M2, the broadest measure of money supply, which includes cash and all deposits, is likely to increase about 16 % this year, compared with a 16.9% expansion in 2006, the Beijing- based central bank said on its Web site today. The 2007 forecast is based on assumptions that economic growth will be 8 % and the consumer price index won't increase more than 3 %.
"China will maintain steady growth in lending, increase the flexibility of the yuan and let the market determine the exchange rate,'' the central bank said on the statement. "The country pledges to maintain the steady advancement of its monetary policy, helping to keep economic growth stable.'' Record trade surpluses have pushed up China's foreign reserves to more than $1 trillion, flooding the financial system with cash and complicating central bank efforts to prevent a rebound in loans and investment. Governor Zhou Xiaochuan has raised interest rates twice and bank reserve requirements four times over the past nine months to try to cool the economy. "Liquidity in the banking system is still huge, even though the growth in money supply has largely stabilised compared with the early months of 2006,'' Huang Yiping, chief Asia economist of Citigroup Inc. in Hong Kong, said before the announcement.
Excess reserves at China's financial institutions, extra cash in excess of required reserves, rose 2 %age points in December to 4.78 %, the central bank said on January 15. "That means there is still much room to raise reserve requirements further,'' Wang Yuanhong, senior economist with the State Information Center, affiliated with National Development and Research Center, said before the statement. China's money supply grew in December at close to its slowest pace of 2006, with M2 rising 16.9 % to 34.6 trillion yuan ($4.4 trillion), after gaining 16.8 % in November, the bank said on January 15.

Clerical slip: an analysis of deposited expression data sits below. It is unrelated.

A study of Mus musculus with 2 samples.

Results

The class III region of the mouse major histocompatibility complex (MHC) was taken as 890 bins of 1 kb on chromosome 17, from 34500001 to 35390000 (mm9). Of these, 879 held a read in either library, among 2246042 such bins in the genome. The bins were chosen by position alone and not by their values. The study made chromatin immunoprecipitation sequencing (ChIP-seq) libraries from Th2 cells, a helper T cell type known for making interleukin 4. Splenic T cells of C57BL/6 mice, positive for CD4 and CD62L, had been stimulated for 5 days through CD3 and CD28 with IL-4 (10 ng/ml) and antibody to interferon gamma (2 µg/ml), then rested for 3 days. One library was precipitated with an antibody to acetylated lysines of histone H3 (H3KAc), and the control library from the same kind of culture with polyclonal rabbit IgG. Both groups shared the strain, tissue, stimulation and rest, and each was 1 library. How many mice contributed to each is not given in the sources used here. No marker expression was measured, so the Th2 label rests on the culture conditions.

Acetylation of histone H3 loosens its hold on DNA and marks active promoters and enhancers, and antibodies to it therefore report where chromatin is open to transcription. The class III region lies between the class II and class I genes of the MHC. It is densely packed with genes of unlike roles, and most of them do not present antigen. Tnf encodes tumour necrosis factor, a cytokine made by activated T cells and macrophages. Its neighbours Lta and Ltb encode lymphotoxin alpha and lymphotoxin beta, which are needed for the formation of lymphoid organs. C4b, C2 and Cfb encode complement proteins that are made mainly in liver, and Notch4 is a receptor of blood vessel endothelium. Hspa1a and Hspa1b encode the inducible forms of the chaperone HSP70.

Outstanding yuan loans rose 15.1 % in December from a year earlier to 22.5 trillion yuan, and new yuan lending climbed to 214.2 billion yuan from 193.5 billion yuan in November.
Governor Zhou on January 5 ordered Chinese banks to put aside 9.5 % of deposits starting on Jan. 15, up from 9 % to prevent a rebound in lending and investment. The central bank raised the reserve requirement by 0.5 percentage point in June, July and November after leaving it unchanged for more than two years.